In judge's ruling, test-tube embryo is a person
Wrongful-death case seen as possible threat to fertility industry
CHICAGO -- All Alison Miller and Todd Parrish wanted was to become parents. But when a fertility clinic did not preserve a healthy embryo they had hoped would one day become their child, they sued for wrongful death.
A judge refused to dismiss their case, ruling in effect that a test-tube embryo is a human being and that the suit can go forward.
Though most legal specialists believe the ruling will be overturned, some in the fertility business worry it could have a chilling effect, threatening everything from in vitro fertilization to abortion rights and embryonic stem cell research.
''If the decision stands, it could essentially end in vitro fertilization," said Dr. Robert Schenken, president of the American Society for Reproductive Medicine. Few doctors would risk offering the procedure if any accident that harmed the embryo could result in a wrongful death lawsuit, said Schenken, chairman of obstetrics and gynecology at the University of Texas in San Antonio.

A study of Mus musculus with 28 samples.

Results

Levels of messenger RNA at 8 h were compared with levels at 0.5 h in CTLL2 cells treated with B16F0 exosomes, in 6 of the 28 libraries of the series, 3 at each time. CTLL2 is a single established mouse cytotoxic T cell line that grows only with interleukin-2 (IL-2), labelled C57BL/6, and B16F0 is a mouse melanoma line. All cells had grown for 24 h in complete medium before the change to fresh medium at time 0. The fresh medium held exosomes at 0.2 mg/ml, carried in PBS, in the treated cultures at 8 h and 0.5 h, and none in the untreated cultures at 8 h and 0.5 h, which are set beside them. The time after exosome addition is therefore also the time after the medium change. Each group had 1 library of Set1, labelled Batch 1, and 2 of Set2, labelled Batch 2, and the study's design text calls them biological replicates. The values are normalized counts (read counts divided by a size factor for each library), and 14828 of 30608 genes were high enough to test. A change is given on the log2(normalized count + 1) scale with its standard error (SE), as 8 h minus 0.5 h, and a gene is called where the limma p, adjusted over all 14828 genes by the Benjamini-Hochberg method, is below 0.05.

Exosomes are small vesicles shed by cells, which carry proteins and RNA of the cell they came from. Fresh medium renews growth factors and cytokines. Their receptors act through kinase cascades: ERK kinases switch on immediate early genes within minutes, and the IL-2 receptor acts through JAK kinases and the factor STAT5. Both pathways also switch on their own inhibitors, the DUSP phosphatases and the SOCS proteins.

He said the society, a professional group for fertility doctors, is considering filing a court brief opposing the ruling Friday by Cook County Judge Jeffrey Lawrence.
The lawyer for the clinic, James Kopriva, declined to say if an appeal is planned, but added, ''We are weighing our options. We disagree with the court's decision and do not believe Illinois law provides for the remedy provided by the court."
In a letter to the couple in June 2000, Dr. Norbert Gleicher, director of the Center for Human Reproduction, said an employee had failed to put an embryo in frozen storage and he apologized for ''this oversight."
If the ruling for the couple holds, it would have no legal standing outside Illinois. However, it could provide impetus for groups elsewhere to push an agenda opposing both abortion rights and stem cell research, said Northwestern University law professor Victor Rosenblum, an abortion foe who has worked with antiabortion activists.
''I certainly admire the initiative of the Cook County judge in taking this step," but it probably will not survive any appeals attempts, Rosenblum said.
The judge refers in his ruling to an Illinois statute that implies that wrongful death lawsuits can be filed on behalf of the unborn regardless of age.